When top-notch math skills and financial knowledge are described as “only the tip of the iceberg when it comes to excelling as a financial professional,” it’s pretty obvious that finance’s role is changing. To get ahead as a finance professional today, opportunities come to those who demonstrate strong communication skills, relationship-management expertise, sales and marketing experience, problem-solving capabilities—and, oh yeah, you must be tech savvy, too.
What changed? Cost control is no longer the primary emphasis of most finance organizations, Accenture reported last year. As finance teams play a larger role in connecting the enterprise, CFOs are focusing more of their attention on investment in growth and seeking opportunities to boost business transformation to build and measure new sources of value.
Respondents to a recent CGMA (Chartered Global Management Accountant®) survey confirm that CFOs are already playing a larger role in most areas of the business. CFOs retain primary responsibility for financial planning and analysis, risk management and shared service centers. In addition, they are ranked second as the people primarily responsible for strategy, supply chain, information technology and digital transformation.
Advanced digital technologies—such as cloud, big data, mobile and social—can give CFOs deeper insights into business drivers and a cross-functional prospective of the entire value chain. Armed with these new insights, and with their existing analytical skills, finance leaders are uniquely positioned to strengthen the connective tissue that drives enterprise excellence.
The majority of survey respondents said CFOs and finance teams are engaged in:
• Setting targets and financial performance measures
• Identifying measures to manage progress toward long-term strategic objectives
• Selecting leading pre-financial operational performance indicators
• Ensuring strategic alignment of performance measures across the business
Almost half of the respondents said CFOs and finance teams are actively involved in:
• Providing non-financial measures of progress toward strategic objectives
• Determining non-financial measures of operational performance
• Identifying intangible assets to be measured and managed to ensure long-term success
Not surprisingly, as finance becomes more influential in determining performance goals and metrics for the entire enterprise, as well as distinct business units, it is also being granted greater authority to veto or fund activities. More than 60%of survey respondents said the CFO can veto activities that don’t drive value. About the same percentage agrees that finance owns the business model and can allocate capital toward the new drivers of value creation.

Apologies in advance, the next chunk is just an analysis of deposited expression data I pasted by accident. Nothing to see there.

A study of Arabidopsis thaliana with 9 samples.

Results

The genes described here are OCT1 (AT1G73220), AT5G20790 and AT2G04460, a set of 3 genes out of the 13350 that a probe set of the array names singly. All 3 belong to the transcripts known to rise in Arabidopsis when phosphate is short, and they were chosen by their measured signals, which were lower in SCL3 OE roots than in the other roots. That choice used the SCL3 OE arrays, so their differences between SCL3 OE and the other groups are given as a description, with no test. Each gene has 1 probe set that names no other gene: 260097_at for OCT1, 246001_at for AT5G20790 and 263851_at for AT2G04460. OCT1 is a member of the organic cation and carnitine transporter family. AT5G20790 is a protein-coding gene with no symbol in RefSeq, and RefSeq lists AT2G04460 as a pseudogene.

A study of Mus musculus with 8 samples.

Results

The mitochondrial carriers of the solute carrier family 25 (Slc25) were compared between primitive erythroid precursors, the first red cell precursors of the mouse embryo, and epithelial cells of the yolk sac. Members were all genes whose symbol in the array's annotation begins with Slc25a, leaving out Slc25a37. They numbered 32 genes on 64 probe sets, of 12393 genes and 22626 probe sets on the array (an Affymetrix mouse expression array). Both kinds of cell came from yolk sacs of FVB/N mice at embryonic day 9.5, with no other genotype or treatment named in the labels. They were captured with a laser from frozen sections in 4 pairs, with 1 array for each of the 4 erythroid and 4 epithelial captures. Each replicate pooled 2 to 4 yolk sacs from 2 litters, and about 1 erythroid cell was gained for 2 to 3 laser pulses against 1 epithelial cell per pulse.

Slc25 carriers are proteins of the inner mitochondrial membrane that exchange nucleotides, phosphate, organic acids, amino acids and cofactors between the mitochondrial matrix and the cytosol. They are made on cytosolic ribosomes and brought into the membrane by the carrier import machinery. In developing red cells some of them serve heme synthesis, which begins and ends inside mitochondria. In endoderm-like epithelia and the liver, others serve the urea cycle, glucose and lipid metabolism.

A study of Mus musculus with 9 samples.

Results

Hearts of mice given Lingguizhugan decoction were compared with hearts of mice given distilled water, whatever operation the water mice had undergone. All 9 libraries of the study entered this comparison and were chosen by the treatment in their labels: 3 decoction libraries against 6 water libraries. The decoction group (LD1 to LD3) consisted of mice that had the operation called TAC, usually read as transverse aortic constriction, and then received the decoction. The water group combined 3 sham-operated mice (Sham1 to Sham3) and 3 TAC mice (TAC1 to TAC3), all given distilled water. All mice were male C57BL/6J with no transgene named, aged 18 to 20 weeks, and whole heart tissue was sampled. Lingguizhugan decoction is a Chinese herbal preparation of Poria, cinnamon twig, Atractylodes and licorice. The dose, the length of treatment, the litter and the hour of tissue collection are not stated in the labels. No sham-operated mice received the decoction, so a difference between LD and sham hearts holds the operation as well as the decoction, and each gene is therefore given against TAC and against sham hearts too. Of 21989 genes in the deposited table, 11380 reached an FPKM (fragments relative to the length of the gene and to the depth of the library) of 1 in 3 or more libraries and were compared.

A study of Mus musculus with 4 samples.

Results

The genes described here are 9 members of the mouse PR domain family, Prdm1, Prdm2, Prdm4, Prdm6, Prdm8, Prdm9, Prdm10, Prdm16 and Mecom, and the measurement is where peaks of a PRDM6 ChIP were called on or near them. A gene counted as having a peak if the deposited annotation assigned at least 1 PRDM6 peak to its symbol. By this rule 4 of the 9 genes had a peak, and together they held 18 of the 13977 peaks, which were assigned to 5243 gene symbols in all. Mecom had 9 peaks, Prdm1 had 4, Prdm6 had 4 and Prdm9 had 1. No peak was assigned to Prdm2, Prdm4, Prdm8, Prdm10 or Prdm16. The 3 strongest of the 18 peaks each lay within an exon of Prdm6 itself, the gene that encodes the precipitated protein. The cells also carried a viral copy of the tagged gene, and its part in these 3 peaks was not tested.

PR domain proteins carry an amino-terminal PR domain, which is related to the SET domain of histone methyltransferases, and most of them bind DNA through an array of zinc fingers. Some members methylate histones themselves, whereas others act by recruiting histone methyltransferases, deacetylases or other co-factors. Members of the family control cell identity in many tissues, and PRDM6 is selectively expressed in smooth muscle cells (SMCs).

To become the connective tissue that unifies and guides the enterprise, finance teams must develop the skills and business knowledge to provide more value to their colleagues. In some companies, finance team members are being rotated through different business units to get a more holistic view of the enterprise.
LinkedIn offers a great example of how finance teams are working with the business. “Our approach to business partnering has evolved,” said Richard Wong, vice president of finance, LinkedIn, USA, in the CGMA report. “We take time to understand the business and problem; have a point of view on all matters and issues; and provide value-added analytics to drive the right outcomes and bring clarity to all the noise (massive big data) out there.”
Finance teams are embedded in the business units, attend their staff meetings, and help manage the units with line-of-business leaders.
“Finance is sometimes the first line of defense for these business units,” Wong said, “to flag any risks and ensure that each business unit is contributing to the company’s growth and vision as a whole.”
Of course, requiring finance staff to provide more support to business units begs the question: Where do they find the time? More finance organizations are centralizing and automating non-value added processes, such as transaction entry, so finance teams can focus on business strategy.
The time savings that efficient finance tools can provide are dramatic. For example, procure-to-pay solutions can automate the processing of a vendor invoice, saving the 27 hours (on average) that it takes to complete the task manually.
Amazon offers a jaw-dropping example of how much time finance organizations can save via automation. During the close period, the company spent three to four days gathering data from 16,000 spreadsheets. Amazon implemented Oracle financial management solutions to automate the account-reconciliation process.
Now, the finance team can provide live reporting of status to executive management right up until the close. “We now close 80% or our recs in the fixed assets space automatically, with no intervention from anybody,” said Clarissa Inglehart, Amazon’s global reporting technology manager, during an interview at Oracle OpenWorld 2015.
At Oracle, we see the success companies can achieve when finance connects the enterprise. As more and more finance processes become automated, finance leaders are in a better position than ever before to be a guidance system for the business. And with finance systems and reporting now available in the cloud, achieving this level of automation is within the grasp of companies of any size.
A key step to accomplishing this is shifting focus away from day-to-day number crunching. Instead, finance leaders can devote their considerable expertise to partnering with the business—reviewing and analyzing data, and identifying the future opportunities, to support business growth.
For additional reading, download the CGMA report, "The Digital Finance Imperative: Measure and Manage What Matters Next."